In the early ‘90s, many prominent people predicted that the internet would fail, from astronomer Clifford Stoll to Nobel Prize winner Paul Krugman. Today, we can’t think of a world without the internet, which we rely on for work, leisure, connecting, education, communication, commerce, and much more.

Similarly, the blockchain will become a key technology that will shape our future, says Cuy Sheffield, the head of crypto at Visa. In a recent blog post, Cuy drew parallels between the rise of the two technologies and backed blockchain to take over global payments.

“At Visa, we’ve been at the forefront of payment technology for more than six decades. We saw the potential for the internet in its early days and played a major role in helping it scale and support new forms of commerce. Today, we see significant potential for blockchain networks — and many possible futures,” he stated.

This week, Visa announced that it was expanding its stablecoin capabilities to merchant acquirers. The company is leveraging USDC over blockchain networks to settle fiat-denominated payments, a process it says “improves the speed of cross-border settlement and provides a modern option for our clients to easily send or receive funds.”

Commenting on the stablecoin expansion, Cuy stated, “Visa is committed to being on the forefront of digital currency and blockchain innovation and leveraging these new technologies to help improve the way we move money.”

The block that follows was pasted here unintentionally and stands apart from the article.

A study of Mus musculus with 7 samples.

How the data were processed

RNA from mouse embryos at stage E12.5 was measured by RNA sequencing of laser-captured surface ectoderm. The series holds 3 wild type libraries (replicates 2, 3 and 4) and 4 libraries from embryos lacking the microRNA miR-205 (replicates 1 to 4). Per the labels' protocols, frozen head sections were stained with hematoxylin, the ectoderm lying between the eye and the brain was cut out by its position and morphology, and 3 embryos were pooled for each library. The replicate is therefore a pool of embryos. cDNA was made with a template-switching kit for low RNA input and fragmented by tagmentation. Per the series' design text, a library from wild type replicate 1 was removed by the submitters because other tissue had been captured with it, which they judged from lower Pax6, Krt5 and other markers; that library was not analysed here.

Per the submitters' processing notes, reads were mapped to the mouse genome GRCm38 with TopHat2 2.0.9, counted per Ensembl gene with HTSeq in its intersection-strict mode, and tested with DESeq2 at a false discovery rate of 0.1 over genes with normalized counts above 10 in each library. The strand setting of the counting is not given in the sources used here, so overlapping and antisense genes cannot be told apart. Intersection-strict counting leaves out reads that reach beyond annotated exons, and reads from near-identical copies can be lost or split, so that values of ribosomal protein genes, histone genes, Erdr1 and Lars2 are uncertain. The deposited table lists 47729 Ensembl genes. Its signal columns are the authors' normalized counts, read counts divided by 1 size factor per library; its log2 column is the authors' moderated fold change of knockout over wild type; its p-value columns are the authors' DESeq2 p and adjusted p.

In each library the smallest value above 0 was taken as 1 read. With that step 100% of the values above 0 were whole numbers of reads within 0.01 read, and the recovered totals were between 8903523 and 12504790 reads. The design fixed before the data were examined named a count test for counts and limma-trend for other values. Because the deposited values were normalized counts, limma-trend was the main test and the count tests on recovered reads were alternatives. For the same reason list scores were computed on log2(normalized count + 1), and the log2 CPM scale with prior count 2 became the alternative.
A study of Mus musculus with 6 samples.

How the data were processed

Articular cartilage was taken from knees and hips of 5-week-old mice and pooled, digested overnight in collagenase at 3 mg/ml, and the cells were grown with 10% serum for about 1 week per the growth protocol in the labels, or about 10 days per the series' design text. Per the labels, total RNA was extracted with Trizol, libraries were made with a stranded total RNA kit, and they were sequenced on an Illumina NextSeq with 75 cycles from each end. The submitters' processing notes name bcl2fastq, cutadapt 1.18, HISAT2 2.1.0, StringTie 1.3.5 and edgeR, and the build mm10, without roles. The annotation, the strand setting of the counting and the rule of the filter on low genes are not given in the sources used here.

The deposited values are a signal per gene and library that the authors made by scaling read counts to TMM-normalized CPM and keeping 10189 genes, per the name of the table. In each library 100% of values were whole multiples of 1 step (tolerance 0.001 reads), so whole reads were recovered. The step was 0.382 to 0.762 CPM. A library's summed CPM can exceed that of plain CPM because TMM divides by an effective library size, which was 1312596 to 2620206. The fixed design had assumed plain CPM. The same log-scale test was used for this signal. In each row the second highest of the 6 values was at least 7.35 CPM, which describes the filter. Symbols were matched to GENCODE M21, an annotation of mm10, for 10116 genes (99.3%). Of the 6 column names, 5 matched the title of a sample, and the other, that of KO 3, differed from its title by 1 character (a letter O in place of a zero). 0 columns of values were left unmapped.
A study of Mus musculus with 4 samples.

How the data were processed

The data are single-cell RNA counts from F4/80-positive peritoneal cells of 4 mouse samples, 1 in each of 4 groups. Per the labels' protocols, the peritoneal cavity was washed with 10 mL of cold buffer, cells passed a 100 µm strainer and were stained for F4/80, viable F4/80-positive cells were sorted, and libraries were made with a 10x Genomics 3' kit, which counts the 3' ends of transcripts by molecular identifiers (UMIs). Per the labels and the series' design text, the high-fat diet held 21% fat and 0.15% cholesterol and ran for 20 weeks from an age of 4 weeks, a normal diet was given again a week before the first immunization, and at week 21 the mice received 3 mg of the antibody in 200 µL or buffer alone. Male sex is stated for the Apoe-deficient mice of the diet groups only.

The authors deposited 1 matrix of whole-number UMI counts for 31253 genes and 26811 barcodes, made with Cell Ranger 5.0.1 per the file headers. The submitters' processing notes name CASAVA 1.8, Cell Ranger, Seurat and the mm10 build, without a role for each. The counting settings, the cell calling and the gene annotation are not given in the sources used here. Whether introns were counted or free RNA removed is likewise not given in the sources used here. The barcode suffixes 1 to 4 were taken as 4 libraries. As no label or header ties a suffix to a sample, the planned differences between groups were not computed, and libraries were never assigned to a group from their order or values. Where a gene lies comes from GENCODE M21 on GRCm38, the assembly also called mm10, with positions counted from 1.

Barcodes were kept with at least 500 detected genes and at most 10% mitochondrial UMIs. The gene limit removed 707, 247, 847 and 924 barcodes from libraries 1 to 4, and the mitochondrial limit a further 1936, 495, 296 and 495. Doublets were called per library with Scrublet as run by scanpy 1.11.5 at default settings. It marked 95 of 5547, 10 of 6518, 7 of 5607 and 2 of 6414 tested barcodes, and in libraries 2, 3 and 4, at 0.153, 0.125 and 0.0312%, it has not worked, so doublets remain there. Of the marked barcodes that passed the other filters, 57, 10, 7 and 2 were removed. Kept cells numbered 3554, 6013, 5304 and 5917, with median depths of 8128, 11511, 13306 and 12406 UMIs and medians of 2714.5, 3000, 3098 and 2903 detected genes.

Blockchain’s broadband era

Payments over the blockchain have been limited for over a decade by an inability to scale on most networks. BTC, which has dominated the industry, can only process about seven transactions per second. In comparison, Visa can hit 24,000 transactions per second.

In comparison, the BSV blockchain can scale to meet global payment needs. In August, the network set a new record at 129 million transactions in 24 hours, which works down to over 1,200 transactions a second.

The network is capable of much more, with Satoshi Nakamoto setting a target of 10 billion transactions per second. While this may sound like too big a number for payment transactions, keep in mind that BSV processes all kinds of data, including underpinning Internet of Things (IoT) systems. Today, there are over 15 billion interconnected IoT devices; by 2025, this number will hit 41 billion.

After scalability, the next biggest challenge for the global adoption of blockchain technology is fees. With networks like BTC, it’s impractical to process microtransactions due to high fees, and Ethereum isn’t any better.

Despite the unbounded scaling, BSV continues to offer the lowest fees of any network. When it set the record with 129 million transactions in a 24-hour period, the network maintained the fees at $0.000007.